Wednesday, February 20, 2013

THIS JUST IN... Railroad Forest Invasive Plants Cleanup

I attended the City Council meeting last night.  One of the item that was discussed and green-lighted is the beautification project for the Railroad Forest along the bike path behind Frizelle-Enos.

This project would see vast improvements in the area that is now home to invasive plant species, overgrown areas and illegal human activities.

Call: 823-3309

It would change the area from this:

To this...

Lynn Deedler has spearheaded this effort and sent me the following email:

Thanks Bill, I need help.  Sarah (Gurney) has left me with 18 days to work from her many requests which required three council meetings. Attached is a summary and a couple of pictures.

There are two parts to the work. The first is opening up the place, mostly with a tractor mower and chainsaw work to clear out the many broken down trees.  The second is hand work clearing out blackberries among trees and cleaning up the creek. I need help on part one assisting paid crew, perhaps as early as Feb 25, during regular work hours. I have only three thousand dollars to work with to take care of power equipment labor and insurance. I want to do as much as I can with that.  I have to pay power tool users prevaling wages and labor burden. I want to stretch this money.  It will go much farther if I have a volunteer or two to work with the person with the chain saw or tractor. (ie, after limbs are cut they need to be stacked where they will later be chipped. Pulling the limbs allows the person doing the sawing to work with less stopping and things in the way.)

The hand work can continue into April and be organized according to times groups can assemble. Ages 12 to 70.


Did I mention...


Call: 823-3309

So here's the proposal and information if you'd like to volunteer:


The City owned Railroad Forest area is ten acres of which approximately eight acres is covered with dense blackberries. Acacia and Scotch Broom are also prevalent. In among these plants are old railroad tracks, some shapely native trees and Calder Creek.

Initial work would be done using a tractor with a loading bucket and rotary mulching mower behind. The bucket is used to push down the berries and compress the masses that reach ten feet in many areas. The mower would grind the berries into a rough mulch. The tractor would be assisted by a man on the ground. He is there to cut and remove the broken down tree branches mixed in among the blackberries and to provide another set of eyes for the work.

The tractor work would remove the majority of the berries but not all. It would provide avenues into and around the thickets, but because of existing trees, rough terrain, low branches etc. areas are inaccessible. Clearing these areas and pulling vines out of trees is hand work. This is where the volunteer hand labor takes over the removal.


As areas are cleared the ground will be seeded with native plant seed. The seed among other things will be provided by a local environmental contractor, Prunuske Chatham Inc, together with oversight from their staff of environmental consultants.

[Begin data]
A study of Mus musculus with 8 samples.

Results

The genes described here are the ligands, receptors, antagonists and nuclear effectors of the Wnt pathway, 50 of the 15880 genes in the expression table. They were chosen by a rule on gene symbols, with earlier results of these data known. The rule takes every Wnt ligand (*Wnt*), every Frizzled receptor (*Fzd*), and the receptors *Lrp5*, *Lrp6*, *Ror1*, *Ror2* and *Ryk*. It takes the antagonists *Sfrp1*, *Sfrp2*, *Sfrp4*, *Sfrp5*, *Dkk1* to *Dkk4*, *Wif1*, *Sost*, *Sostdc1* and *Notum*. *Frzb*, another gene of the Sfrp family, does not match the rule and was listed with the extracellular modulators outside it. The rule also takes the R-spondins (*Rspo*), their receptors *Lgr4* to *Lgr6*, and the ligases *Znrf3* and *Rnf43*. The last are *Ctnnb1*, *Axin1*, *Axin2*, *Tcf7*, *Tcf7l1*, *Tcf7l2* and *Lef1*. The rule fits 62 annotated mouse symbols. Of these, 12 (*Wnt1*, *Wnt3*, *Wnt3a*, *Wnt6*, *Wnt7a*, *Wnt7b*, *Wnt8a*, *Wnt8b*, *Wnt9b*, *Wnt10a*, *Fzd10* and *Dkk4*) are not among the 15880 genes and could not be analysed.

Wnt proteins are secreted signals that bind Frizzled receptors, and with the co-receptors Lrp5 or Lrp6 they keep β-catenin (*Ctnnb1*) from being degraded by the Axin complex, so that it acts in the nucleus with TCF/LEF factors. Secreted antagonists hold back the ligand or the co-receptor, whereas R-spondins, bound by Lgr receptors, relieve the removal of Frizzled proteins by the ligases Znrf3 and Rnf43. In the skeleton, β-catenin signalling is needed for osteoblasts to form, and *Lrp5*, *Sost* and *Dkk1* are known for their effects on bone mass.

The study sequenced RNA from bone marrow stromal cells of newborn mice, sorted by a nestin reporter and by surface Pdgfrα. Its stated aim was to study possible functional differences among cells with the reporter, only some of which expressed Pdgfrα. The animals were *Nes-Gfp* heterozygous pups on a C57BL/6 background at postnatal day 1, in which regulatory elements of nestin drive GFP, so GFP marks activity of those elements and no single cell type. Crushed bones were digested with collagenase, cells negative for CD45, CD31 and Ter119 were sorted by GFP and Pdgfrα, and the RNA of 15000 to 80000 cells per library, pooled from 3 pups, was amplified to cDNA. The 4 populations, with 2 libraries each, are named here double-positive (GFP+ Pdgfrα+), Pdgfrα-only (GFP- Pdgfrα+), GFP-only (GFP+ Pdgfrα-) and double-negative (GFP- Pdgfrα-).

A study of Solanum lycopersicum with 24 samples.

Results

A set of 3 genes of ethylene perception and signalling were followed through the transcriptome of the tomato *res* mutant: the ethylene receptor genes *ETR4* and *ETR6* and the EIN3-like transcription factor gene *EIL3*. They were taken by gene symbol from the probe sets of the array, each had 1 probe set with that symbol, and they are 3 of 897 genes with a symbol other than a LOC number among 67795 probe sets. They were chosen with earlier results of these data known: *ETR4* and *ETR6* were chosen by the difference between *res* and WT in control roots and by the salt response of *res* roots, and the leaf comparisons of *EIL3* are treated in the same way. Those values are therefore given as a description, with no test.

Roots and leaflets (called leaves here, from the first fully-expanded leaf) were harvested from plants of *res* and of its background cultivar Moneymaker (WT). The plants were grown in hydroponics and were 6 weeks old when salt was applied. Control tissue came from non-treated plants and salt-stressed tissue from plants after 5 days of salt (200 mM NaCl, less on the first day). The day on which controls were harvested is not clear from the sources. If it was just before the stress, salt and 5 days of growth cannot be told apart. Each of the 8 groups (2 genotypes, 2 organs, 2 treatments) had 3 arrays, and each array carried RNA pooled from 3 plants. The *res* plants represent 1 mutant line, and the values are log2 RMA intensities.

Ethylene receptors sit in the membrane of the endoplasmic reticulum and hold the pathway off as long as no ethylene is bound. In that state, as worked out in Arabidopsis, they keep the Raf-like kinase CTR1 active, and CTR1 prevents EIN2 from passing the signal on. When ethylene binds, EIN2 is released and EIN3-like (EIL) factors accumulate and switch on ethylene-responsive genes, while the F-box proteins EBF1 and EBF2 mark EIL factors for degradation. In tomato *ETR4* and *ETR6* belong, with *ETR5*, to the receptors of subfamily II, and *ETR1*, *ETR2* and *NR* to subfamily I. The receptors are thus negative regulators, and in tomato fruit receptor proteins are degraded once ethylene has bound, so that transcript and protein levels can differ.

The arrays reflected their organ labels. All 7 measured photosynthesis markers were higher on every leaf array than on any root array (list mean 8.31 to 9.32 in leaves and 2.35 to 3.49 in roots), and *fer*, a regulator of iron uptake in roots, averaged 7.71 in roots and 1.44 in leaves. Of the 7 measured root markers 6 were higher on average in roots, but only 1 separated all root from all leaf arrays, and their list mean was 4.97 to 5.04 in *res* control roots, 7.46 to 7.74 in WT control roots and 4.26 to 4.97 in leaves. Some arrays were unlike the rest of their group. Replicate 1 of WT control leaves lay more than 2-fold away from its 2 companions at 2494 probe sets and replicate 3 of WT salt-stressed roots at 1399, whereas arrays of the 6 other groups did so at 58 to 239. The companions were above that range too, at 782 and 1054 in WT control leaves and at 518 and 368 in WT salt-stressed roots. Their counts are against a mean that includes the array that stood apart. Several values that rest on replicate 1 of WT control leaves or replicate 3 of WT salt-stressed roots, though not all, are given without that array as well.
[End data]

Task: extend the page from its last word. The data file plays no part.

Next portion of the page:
The regrowth from the berry root balls will be eliminated by spot spraying in mid May, using Garlon 4, a broad leaf herbicide labeled for this application. This herbicide will not effect grasses. This work will be supervised by Dante DelPrete, who is a State Certified Applicator, and familiar with this product. (his concern was public works is short staffed.) My estimate is that this will cost the City $1,000 for treating four acres.

This will complete phase one of the project.  Once the grass is up, once you can walk through the property, see the trees and shrubs that are there, then you can thoughtfully assess what should happen next. Once the land is cleaned and planted with grass, that may be enough. Perhaps only a bench by the creek should be added.


The optimum time for doing this work is in dry periods of the winter months, because:
*Most of the leaves are off and you can see into the thickets and see what you are doing.
*The grass seed needs spring rain to develop.
*State Fish and Game have restricted machine work to this time.


This project is organized by Lynn Deedler, with field work supervised by Lynn and Chuck Sackett. We both have extensive experience in doing this kind of work, and we see eye to eye on how to accomplish it. Chuck is recognized as the best landscape designer and builder in Sonoma County.
Clare Najarian is the volunteer coordinator.  Roger Wilson is the Analy High School volunteer coordinator.  Many environmental professionals have offered to help.


To satisfy the REIC requirements for both liability and workman’s compensation insurance for those working with power tools, employees of Chuck Scakett’s landscape business, Apple Blossom Nursery, will do the work and will be paid their regular wages.  Hand work volunteers will sign a liability release, and are cover by REIC.


The cost to the City of Sebastopol will be for only these employees, permits, some equipment rental, and other direct expensive.  Most equipment will be provided by Lynn Deedler.  First year estimate $3,000 to $5,000.

What will be accomplished

Four acres cleaned and planted this year is the estimate. There are many unknowns; what is in there, weather, and particularly what the volunteers accomplish. Along with a list of prior workers, ten responded following a newspaper story. It is anticipated that once work starts, they will come. Once the City makes a commitment to support this project the scheduling and volunteer recruitment can begin.  Time is short.